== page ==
History of Cloning Biotechnology

By MCMecke
  • Hans Adolf Edward Dreisch- First example of embryotic twinning

    Hans Adolf Edward Dreisch- First example of embryotic twinning
    Hans Adolf Edward Dreisch showed the first demonstration of cloning by shaking two-celled sea urchins so much that they separated and grew into two separate esea urchins.
  • Walter Sutton Proves Chromosomes Hold Genetic Information

    Walter Sutton Proves Chromosomes Hold Genetic Information
    Walter Sutton proves that chromosomes hold genes'genetic information and are in the nucleus. Later, in 1903, he published "The Chromosomes in Heredity"
  • Hans Spemann- Nucelus controls development

    Hans Spemann- Nucelus controls development
    Using a baby hair, Spemann divided a salamnder egg into two. The nucleus was pushed into one side of the split cell. Only the side with the nucelus developed into new cells. After 4 cell divisions he had made 16 cells.
  • First Successful Nuclear Transfer

    First Successful Nuclear Transfer
    Robert Briggs and Thomas King complete the first successful nuclear tranfer on a frog. They rook a nucleus from a tadpole and put it into a frog whose nucleus had been removed.
  • Watson and Crick Determine the Structure of DNA

    Watson and Crick Determine the Structure of DNA
    Francis Crick and James Watson determine the double helix shape of DNA.
  • David Rorvik published the novel In His Image: The Cloning of a Man

    David Rorvik published the novel In His Image: The Cloning of a Man
    David Rorvik was an esteemed medical writer for both Time and The New York Times who made the claim that in 1978 the first human clone had been born. It was a hoax, but it because of his credibility was researched into and gained a lot of attention. Many people suspected Rorvi, to be telling the truth because of his credibility, and the credibility of his book's publishing company the J.B. Lippincott Company, itself a well-regarded publisher of medical books.
  • Human Genome Project Launched

    Human Genome Project Launched
    The National Institutes of Health officially launch the Human Genome Project. Project is to research the human genome and find out more about base pairs of DNA and identifying and mapping the genes of the human genome.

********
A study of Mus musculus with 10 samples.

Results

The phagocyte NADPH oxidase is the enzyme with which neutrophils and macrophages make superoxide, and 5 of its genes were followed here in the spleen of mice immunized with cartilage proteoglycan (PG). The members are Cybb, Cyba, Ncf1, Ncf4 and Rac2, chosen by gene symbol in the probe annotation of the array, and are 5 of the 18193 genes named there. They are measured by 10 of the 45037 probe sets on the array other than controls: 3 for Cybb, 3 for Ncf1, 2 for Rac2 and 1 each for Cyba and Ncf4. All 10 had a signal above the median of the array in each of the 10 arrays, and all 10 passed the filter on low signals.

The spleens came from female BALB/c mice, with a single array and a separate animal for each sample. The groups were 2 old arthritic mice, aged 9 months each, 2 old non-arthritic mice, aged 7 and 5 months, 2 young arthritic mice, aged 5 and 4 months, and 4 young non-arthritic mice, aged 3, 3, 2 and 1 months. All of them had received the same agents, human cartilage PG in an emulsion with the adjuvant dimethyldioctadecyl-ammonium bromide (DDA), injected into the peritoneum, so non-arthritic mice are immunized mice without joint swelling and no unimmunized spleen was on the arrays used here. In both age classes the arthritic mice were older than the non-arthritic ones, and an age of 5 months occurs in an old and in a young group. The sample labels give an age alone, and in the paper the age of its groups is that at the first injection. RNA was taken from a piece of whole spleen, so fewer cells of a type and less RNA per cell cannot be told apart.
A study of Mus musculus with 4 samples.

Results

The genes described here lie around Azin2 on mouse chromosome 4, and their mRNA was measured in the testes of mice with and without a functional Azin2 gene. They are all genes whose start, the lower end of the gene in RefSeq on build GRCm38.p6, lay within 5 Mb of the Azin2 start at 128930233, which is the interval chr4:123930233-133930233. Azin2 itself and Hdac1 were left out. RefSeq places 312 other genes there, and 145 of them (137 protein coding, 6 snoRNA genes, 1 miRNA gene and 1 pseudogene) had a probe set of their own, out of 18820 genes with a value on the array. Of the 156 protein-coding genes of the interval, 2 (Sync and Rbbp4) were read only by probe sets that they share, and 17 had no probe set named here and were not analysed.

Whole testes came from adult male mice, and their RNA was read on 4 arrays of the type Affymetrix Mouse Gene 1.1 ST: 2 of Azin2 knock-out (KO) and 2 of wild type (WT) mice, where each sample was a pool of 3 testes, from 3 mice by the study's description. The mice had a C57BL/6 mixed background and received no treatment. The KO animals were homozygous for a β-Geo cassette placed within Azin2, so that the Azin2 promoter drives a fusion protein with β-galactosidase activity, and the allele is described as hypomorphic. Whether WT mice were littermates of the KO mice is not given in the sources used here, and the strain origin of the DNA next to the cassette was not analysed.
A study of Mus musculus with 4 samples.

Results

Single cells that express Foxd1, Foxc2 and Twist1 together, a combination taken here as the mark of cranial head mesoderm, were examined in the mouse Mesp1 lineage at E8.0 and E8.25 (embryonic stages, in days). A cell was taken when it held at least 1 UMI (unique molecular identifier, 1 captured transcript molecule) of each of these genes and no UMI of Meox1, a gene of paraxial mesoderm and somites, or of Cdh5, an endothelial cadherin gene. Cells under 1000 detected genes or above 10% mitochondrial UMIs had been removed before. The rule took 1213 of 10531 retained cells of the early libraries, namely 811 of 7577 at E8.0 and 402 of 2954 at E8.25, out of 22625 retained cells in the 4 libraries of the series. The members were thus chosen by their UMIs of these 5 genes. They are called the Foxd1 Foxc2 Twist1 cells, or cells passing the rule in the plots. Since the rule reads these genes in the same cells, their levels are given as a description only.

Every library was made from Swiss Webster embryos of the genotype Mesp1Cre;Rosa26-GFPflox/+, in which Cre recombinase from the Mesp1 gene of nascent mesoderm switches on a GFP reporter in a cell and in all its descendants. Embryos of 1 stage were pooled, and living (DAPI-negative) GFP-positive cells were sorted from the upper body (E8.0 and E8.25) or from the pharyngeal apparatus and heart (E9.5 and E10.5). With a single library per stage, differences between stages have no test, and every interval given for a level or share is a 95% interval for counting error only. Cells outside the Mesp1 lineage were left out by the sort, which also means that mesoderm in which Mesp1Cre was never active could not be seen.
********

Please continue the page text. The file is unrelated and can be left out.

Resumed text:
• Dolly is born

    Dolly is born
    Dolly the sheep, the first animal ever cloned, was born on July 5th, 1996.
  • President Clinton announces a 5 year moratorium federal and privately funded human cloning research.

    President Clinton announces a 5 year moratorium federal and privately funded human cloning research.
    President Clinton says he is proposes a 5 year moratorium federal and privately funded human cloning research.
  • Richard Seed annonces he plans to clone a human before federal law can prohibit it.

    Richard Seed annonces he plans to clone a human before federal law can prohibit it.
    Richard Seed, American physicist and entrepreneur, announces that he will clone a human before the government makes it illegal.
  • Ninteen European Nations Ban Human Cloning

    Ninteen European Nations Ban Human Cloning
    Early January 1998, 19 European Nations ban human cloning.
  • FDA Has Authority Over Cloning

    FDA Has Authority Over Cloning
    The Food and Drug Administration announces it has authority over human cloning.
  • Human Genome Project Completed

    Human Genome Project Completed
  • Endangered Animals Cloned

    Endangered Animals Cloned
    Gaur and Mouflon et. al. clone endangered animals. Difficulties were found in trying to find animals with the most similar DNA to serve as donors/surrogates.
  • Primate embryonic stem cells created by somatic cell nuclear transfer

    Primate embryonic stem cells created by somatic cell nuclear transfer
    Researchers took cells from an adult monkey and fused it with an egg cell without a nucleus. The embryo developed and then the cells were grown in a culture dish. Because these cells can change to form any cell type, they are called embryotic stem cells.
  • Human embryonic stem cells created by somatic cell nuclear transfer

    Human embryonic stem cells created by somatic cell nuclear transfer by Shoukhrat Mitalipov and colleague. Done by taking skin cells from a patient and fusing them with donated egg cells. Electrical pulses were used to stimulate the eggs to begin dividing.